A Message From Ryan Swantek On His Short, ‘5:29 See the Devil’s Eyes’

A few days ago, we shared with our Facebook followers the newest horror short from Filmmaker Ryan Swantek (read our interview with him here), the man behind one of my favorite shorts ever, White Willow (2017 – read our review here), and his sophomoric effort, Panther Ridge (2018 – read our review here). 5:29 See the Devil’s Eyes is Ryan’s third go at the director’s chair, and it is a beautiful piece of filmography. Watch the film below, and then read on to find out more about the short in the director’s own words…

A message from Ryan Swantek about his third horror short, 5:29 See the Devil’s Eyes:

5:29 See the Devil’s Eyes is a very short idea I’ve had for some time. I just wasn’t sure how to use it. I knew I wanted it to be really short, and it was originally heading for the three minute mark, but that was still way too long for me. I wanted to keep people’s attention while delivering something that still had meaning and depth. Helping me make this short were my good friends: Jeremy Teran, who worked on Panther Ridge as director of photography, and FX Artist Karl Huber, who took on the special effects VFX this time around. While searching for an actress, Karl recommended Tampa model/actress Kaylee Giza, who was an absolute trooper. I couldn’t have asked for a better team on this.

“I wanted to keep people’s attention while delivering something that still had meaning and depth.”

The name of the short comes from the Bible passage Matthew 5:29, which states, “If your right eye causes you to stumble, gouge it out and throw it away. It is better for you to lose one part of your body than for your whole body to be thrown into Hell.” I went to a Catholic school for nine years of my life, and it’s funny, because not once was that verse – or any other like it – covered. We heard all the good stories about God’s love for his people, but very rarely did we cover any of the darker themes, and if we did, they were explained in a way that didn’t make them sound so violent and atrocious.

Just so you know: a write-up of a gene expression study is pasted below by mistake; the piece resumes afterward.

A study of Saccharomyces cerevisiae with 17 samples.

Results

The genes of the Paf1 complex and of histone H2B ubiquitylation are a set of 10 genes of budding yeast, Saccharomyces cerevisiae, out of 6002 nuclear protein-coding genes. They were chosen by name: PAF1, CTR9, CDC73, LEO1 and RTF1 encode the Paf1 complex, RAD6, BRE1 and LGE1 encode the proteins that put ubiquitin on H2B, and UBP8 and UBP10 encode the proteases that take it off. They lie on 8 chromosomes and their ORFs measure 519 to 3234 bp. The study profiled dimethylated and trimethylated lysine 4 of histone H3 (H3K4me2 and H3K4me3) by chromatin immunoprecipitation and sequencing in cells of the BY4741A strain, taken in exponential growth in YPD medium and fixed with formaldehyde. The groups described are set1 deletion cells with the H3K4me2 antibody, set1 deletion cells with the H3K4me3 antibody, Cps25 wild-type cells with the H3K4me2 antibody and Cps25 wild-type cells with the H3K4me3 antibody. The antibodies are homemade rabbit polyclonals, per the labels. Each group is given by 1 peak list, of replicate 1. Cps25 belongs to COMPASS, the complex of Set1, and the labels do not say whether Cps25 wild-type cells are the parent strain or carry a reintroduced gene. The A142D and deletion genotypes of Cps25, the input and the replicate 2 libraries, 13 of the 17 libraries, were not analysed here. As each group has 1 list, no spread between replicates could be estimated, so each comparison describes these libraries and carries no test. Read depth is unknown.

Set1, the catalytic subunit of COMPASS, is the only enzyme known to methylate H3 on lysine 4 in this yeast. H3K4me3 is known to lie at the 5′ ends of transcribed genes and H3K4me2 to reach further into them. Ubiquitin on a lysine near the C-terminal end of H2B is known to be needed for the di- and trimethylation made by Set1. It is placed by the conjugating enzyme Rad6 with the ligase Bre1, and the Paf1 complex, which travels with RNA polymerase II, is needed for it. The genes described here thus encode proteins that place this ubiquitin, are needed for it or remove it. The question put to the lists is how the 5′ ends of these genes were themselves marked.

I remember in 4th grade when talking about mortal sins, I asked the teacher what happened to soldiers who killed others in war. Her answer was something along the lines of, “That’s a great question, and we’re going to cover it soon.” We never covered it, to say the least. 5:29 See the Devil’s Eyes is basically the Devil taunting God’s word. You’ll notice in the credits that Kaylee is credited as Unclean Spirit, which is a type of demon in the Bible that can possess a human host and cause them harm or sickness.

Ryan and his dog, Thornton

While this is a pretty short film, it is still a very personal piece to me, as are all of my films. Some people might say that my films are just violence and gore, which is perfectly fine, because everyone is allowed to have their own opinions. I’ll never tell anyone how they should feel or interpret my films. That’s up to the viewer, but there is a lot more going on than just violence.

As for my future projects, I’m currently working on another short film. I also have a feature film I’ve been playing around with for a few years, which I’ve been fine tuning and rewriting. It focuses on four college students from Sarasota on spring break who are abducted by the Mexican drug cartel. I’ve been working on it for about as long as I have Panther Ridge – which I plan on making into a feature as well. Both are still in the early stages of development, so I don’t want to say too much just yet. I’m really just trying to keep pushing forward and always do something different. I don’t want to be considered one type of filmmaker.

Be sure to check out Ryan’s other two shorts, which are available here (White Willow) and here (Panther Ridge). Keep checking back to PopHorror for more news on Ryan and his upcoming projects!

About Tracy Allen

As the co-owner and Editor-in-Chief of PopHorror.com, Tracy has learned a lot about independent horror films and the people who love them. Now an approved critic for Rotten Tomatoes, she hopes the masses will follow her reviews back to PopHorror and learn more about the creativity and uniqueness of indie horror movies.